Accused rapists are using Title IX anti-discrimination law to challenge investigations
Accused rapists have begun using the same anti-discrimination law as alleged victims to challenge campus sexual assault investigations.
Men are claiming the investigations are biased in a favor of their accusers, who are usually women, in violation of Title IX, which prohibits gender-based discrimination and has been used since the 1970s to promote equality in university sports programs and education.
Most universities conduct investigations of sexual assault claims apart from the criminal justice system, and attorneys for both accused rapists and their alleged victims say these probes are often conducted by school officials who lack proper legal training.
Attorneys for some men accused of sexual assault complain that these investigations can use flimsy proof to impose harsh punishments, including expulsion, because college sexual assault investigations use the “preponderance of evidence” as the standard of proof, as civil cases do, instead of proof “beyond a reasonable doubt,” as criminal convictions require.
“Those accused of sexual violence seem to want campus investigations to be more like ‘mini versions’ of the mainstream criminal system,” wrote Maya Dusenbury, executive director of Feministing. “Considering how often that system also fails rape victims, that’s probably not surprising.”
Men have filed discrimination cases in the last two years against Xavier University, Vassar College, Williams College, Bucknell University, Saint Joseph’s University and College of the Holy Cross.
College students face a growing risk of standing accused of sexual assault, said the attorney who sued Holy Cross after her client was accused of raping another student.
“One sexual encounter that involves alcohol, and the next thing you know you’re accused and expelled and branded for life,” said attorney Nicole Colby Longton. “Schools are going to push kids to have signed waivers before they have intercourse.”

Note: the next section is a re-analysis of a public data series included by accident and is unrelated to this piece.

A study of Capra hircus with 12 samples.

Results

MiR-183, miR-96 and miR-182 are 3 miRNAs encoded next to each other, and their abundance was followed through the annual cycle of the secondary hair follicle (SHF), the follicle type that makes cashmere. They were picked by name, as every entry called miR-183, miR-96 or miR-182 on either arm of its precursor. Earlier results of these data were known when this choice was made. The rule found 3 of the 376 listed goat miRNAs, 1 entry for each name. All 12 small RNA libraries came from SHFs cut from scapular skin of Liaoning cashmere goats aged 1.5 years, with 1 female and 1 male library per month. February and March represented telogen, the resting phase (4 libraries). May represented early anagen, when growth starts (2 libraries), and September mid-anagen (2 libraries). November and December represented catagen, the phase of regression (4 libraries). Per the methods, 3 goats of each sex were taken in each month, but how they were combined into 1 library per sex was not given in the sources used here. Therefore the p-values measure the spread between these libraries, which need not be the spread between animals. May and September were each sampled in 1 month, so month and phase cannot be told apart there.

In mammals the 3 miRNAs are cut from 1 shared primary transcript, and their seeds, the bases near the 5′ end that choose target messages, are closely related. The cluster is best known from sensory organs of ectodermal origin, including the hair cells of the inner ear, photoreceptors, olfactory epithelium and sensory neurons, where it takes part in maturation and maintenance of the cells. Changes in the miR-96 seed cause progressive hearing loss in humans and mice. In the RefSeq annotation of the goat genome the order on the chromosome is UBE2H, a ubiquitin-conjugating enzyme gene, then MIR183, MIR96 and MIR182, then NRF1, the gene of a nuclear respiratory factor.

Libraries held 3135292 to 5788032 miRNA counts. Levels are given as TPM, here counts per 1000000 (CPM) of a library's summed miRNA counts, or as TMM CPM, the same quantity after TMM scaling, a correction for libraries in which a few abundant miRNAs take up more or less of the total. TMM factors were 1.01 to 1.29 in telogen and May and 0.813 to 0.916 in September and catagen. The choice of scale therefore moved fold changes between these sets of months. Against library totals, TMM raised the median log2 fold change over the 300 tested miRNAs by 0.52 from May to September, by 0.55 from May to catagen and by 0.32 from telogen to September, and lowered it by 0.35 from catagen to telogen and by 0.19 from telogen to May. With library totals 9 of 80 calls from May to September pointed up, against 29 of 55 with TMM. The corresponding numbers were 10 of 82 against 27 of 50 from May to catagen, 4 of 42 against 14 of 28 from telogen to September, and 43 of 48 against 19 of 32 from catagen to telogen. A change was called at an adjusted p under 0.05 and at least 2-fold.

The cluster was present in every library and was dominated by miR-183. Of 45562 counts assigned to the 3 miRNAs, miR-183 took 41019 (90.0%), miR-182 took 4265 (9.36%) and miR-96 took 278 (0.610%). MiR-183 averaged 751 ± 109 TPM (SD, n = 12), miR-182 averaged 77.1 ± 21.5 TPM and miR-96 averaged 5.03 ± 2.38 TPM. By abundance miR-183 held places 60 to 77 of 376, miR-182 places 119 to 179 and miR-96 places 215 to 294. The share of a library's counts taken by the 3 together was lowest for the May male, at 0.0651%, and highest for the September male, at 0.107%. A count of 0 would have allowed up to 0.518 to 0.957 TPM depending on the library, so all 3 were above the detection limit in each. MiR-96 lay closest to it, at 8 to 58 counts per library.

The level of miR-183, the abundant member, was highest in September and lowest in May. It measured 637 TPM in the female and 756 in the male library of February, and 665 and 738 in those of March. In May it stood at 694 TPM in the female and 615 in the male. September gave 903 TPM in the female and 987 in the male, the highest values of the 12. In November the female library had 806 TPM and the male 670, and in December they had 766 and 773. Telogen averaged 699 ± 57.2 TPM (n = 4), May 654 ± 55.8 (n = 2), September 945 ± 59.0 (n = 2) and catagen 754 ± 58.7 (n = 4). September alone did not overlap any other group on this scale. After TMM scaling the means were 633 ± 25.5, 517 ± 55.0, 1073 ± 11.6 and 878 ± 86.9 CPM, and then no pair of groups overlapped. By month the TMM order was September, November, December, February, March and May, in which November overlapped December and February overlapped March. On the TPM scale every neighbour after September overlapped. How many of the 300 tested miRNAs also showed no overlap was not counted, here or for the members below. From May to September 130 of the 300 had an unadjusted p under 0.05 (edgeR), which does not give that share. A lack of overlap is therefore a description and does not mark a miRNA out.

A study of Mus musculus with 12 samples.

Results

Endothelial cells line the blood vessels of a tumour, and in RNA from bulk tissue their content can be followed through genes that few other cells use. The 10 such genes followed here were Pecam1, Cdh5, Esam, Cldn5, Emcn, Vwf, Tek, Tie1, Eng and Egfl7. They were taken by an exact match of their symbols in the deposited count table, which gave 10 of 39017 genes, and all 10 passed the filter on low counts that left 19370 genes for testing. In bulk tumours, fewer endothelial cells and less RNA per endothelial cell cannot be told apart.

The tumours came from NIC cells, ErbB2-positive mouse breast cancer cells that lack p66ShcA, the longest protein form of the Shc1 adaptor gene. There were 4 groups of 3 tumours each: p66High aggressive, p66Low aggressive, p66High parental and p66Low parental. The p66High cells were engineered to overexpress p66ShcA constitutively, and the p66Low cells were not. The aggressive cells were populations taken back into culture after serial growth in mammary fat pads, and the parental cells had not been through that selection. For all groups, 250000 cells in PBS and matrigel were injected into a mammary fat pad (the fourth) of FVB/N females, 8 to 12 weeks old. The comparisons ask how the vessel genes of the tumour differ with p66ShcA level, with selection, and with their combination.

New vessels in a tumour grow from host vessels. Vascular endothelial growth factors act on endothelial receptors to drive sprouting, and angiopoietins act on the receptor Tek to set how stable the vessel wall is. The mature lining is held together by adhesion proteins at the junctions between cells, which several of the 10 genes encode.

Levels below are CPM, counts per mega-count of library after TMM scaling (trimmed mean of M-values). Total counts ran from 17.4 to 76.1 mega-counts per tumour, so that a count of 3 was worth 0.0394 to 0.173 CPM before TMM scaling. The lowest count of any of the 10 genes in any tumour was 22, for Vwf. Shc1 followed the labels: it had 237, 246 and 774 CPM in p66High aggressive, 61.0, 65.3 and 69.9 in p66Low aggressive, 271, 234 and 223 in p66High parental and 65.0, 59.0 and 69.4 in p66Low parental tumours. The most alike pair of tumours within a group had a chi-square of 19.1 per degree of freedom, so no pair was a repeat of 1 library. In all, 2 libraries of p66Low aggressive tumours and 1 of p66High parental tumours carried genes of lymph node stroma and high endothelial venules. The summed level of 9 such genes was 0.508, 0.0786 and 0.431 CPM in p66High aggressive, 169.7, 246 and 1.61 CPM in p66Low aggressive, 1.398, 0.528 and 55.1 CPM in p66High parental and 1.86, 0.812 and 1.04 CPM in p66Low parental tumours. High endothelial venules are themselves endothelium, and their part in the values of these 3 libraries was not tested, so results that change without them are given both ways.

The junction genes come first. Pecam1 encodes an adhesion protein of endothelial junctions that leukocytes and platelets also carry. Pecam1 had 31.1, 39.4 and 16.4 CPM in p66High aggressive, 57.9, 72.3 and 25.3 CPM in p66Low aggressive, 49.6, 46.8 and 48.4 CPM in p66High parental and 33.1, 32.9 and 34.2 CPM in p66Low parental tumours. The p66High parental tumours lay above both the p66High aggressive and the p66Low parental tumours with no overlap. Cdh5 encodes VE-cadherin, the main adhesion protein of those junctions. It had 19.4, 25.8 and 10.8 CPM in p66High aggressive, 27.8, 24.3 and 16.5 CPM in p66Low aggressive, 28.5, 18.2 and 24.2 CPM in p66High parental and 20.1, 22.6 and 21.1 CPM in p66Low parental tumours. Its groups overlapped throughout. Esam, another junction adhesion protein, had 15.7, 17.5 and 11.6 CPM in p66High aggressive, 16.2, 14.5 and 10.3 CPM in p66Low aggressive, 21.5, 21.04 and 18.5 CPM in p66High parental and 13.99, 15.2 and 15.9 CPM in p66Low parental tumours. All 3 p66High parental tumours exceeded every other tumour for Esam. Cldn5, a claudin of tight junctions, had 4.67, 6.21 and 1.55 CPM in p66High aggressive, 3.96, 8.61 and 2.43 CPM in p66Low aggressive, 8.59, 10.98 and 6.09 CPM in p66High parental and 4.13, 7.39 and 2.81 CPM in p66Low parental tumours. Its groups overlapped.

Another attorney, who represents a Vassar student accused of sexually assaulting a woman last year, said her client is a non-native English speaker from China who was unable to tell his side of the story because he wasn’t permitted legal representation while the college investigated the claim.
“If you were a senior in college and had paid $200,000 for your education and were hoping to go to medical school, would you want to put all that on the line without a lawyer?” said attorney Andrew Miltenberg.
The Obama administration published a letter in April 2011 emphasizing that colleges and universities would be in violation of Title IX by failing to address sexual assaults because the law requires campuses to be safe places for men and women.
The Education Department established guidelines for the probes, which are typically conducted by a small panel of school officials and must take less than 60 days.
Penalties may be appealed by accusers or the accused, and colleges can be sued for imposing sanctions.
After the new guidelines were established two years ago, reports of campus sexual assault jumped 14 percent over the previous year, to 3,771, and 30 percent higher than 2009.
Assault victims are increasingly filing grievances against their universities under Title IX complaints, including 30 in the past year.
One woman who filed such a complaint said sexual assault victims need Title IX protection to continue their educations without continued harassment from their attackers.
College probes of sexual assault claims can help provide that protection, because police investigations and criminal prosecutions can take years and publicly expose victims in the courtroom.
But the use of Title IX to fight assault charges raises a new obstacle for rape victims, women’s rights advocates say.
“Defense attorneys are trying to get the playing field back to where it used to be, where sexual violence was ignored on campus for fear of lawsuits,” said said Laura Dunn, founder of SurvJustice.